VISHWAVIR AHUJA, MD & CEO, RBL Bank says the objective of roping in Baring PE Asia, Asia's largest private equity firm, is to make the bank growth ready as opportunities open. In an exclusive chat with Hamsini Karthik, he explained that the bank’s asset quality and deposit growth are very satisfactory. Edited excerpts:
RBL Bank had two successful rounds of capital raise in a year. What is the reason for this capital raise?
The bank wants to build its capital buffer. Our capital adequacy goes up from 16.50 per cent to 18.7 per cent with the investments from Baring PE Asia owned entity Maple II B.V, ICICI Prudential Life Insurance Company, and two existing investors of the bank, Gaja Capital, which had been an anchor investor since the beginning of the transformation journey of the bank in 2011, and CDC Group Plc, our largest shareholder since March 2014. Looking into the future, it is good to have additional capital buffer. When new opportunities come up, we will be positioned strongly. The idea was not to just do another QIP and raise financial capital; we wanted high pedigreed institutional investors and that’s why we chose preferential placement. Having capital helps, because if a good inorganic opportunity comes up, anything that is small or medium-sized, we have the capacity for that, though there is nothing on the cards now.
Share of retail loans has been increasing and among peers, RBL Bank has the highest unsecured book. What is the way forward for this segment?
Retail is our main growth space and we have been focusing more on cards and micro banking. There have been hiccups due to coronavirus impact but now, all lead indicators are turning positive. We are seeing growth opportunities making a comeback. We are not only well-positioned for growth but now cautiously building growth momentum in these areas of retail. In terms of size, scale, and market share, we are already in the top five. While cards and microlending are unsecured, we also have a secured lending business in retail (business loans) and there is wholesale banking where 95 per cent of loans are secured. There is a counterbalance in the portfolio, and we would hope to maintain it. Prudential management demands that we don't build risk concentrations in the (unsecured) portfolios.
You have piloted into affordable housing…
Affordable housing business is complementary to our franchise in semi-urban and rural India. There is a strong distribution network in place, and some more systems need to be built, which we are building up slowly. The portfolio is about Rs 200 crore now. The first benchmark will be when Rs 1,000 crore is reached, after which we will pause and evaluate and then take it to the next level.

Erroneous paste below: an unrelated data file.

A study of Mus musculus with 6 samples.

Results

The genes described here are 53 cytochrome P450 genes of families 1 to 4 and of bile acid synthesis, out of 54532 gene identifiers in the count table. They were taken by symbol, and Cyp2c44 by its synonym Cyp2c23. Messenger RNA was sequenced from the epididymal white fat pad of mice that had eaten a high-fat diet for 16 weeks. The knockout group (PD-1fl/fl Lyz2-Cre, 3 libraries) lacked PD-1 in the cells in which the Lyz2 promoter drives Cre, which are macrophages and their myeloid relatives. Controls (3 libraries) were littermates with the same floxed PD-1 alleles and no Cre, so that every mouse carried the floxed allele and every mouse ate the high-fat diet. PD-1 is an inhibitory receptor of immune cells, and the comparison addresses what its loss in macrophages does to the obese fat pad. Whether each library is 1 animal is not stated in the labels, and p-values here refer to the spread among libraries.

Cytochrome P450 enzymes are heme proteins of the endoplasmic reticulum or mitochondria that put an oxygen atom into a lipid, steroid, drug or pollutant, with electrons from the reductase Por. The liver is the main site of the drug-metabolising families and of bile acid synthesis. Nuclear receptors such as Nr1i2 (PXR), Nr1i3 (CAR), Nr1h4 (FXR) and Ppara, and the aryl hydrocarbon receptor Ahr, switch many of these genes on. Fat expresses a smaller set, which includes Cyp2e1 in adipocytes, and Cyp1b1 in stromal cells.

How comfortable is the wholesale book now?
We are in good shape now. We had experienced four-five large corporate accounts slip into pain in July/August last year and that put us strongly on conservative risk management and mitigation path. It told us to reduce bulky exposures, granularize the portfolios, and further tighten underwriting standards. We have a stable base now though we paid a price for it - we’ve sacrificed revenue and absorbed provisions. But now we can hope to rebuild it. While we will build back wholesale, this growth will be softer compared to retail.
How would you decide between restructuring an account or recognising it as an NPA?
We are very clear about our position: if an account is headed towards NPA and is not likely to revive and become viable, then we will take the provision immediately. In some cases, we may be forced, because five out of six banks may be restructuring, and we may want to go along. But more than adequate provision will be taken. Only those loans where there is genuine viability will be restructured. We don't have a sector view for this exercise as we don't have any sector exposure concentration.
How satisfied are you with the pickup in deposits?
Fundamental deposits franchise is strong and growing, and that is reflected in our aggregate deposits and our CASA (current account savings account) growth. CASA is growing faster and at an all-time high today. Today, the bank’s liquidity coverage ratio is 171 per cent and is posing a dilemma of surplus liquidity. Every quarter, we have brought deposit rates down; our cost of deposits and cost of funds are coming down. We are letting go of high-cost money and taking only the money that is coming in at lower rates.
When could we see RBL Bank grow at 30-35 per cent like before?
Not yet. This is not something to predict and now is not the time to be aggressive. All we can say is, in FY22 one should see double-digit growth. We are well-positioned on asset quality, capital, liquidity, products, operational infrastructure, and the backbone technology.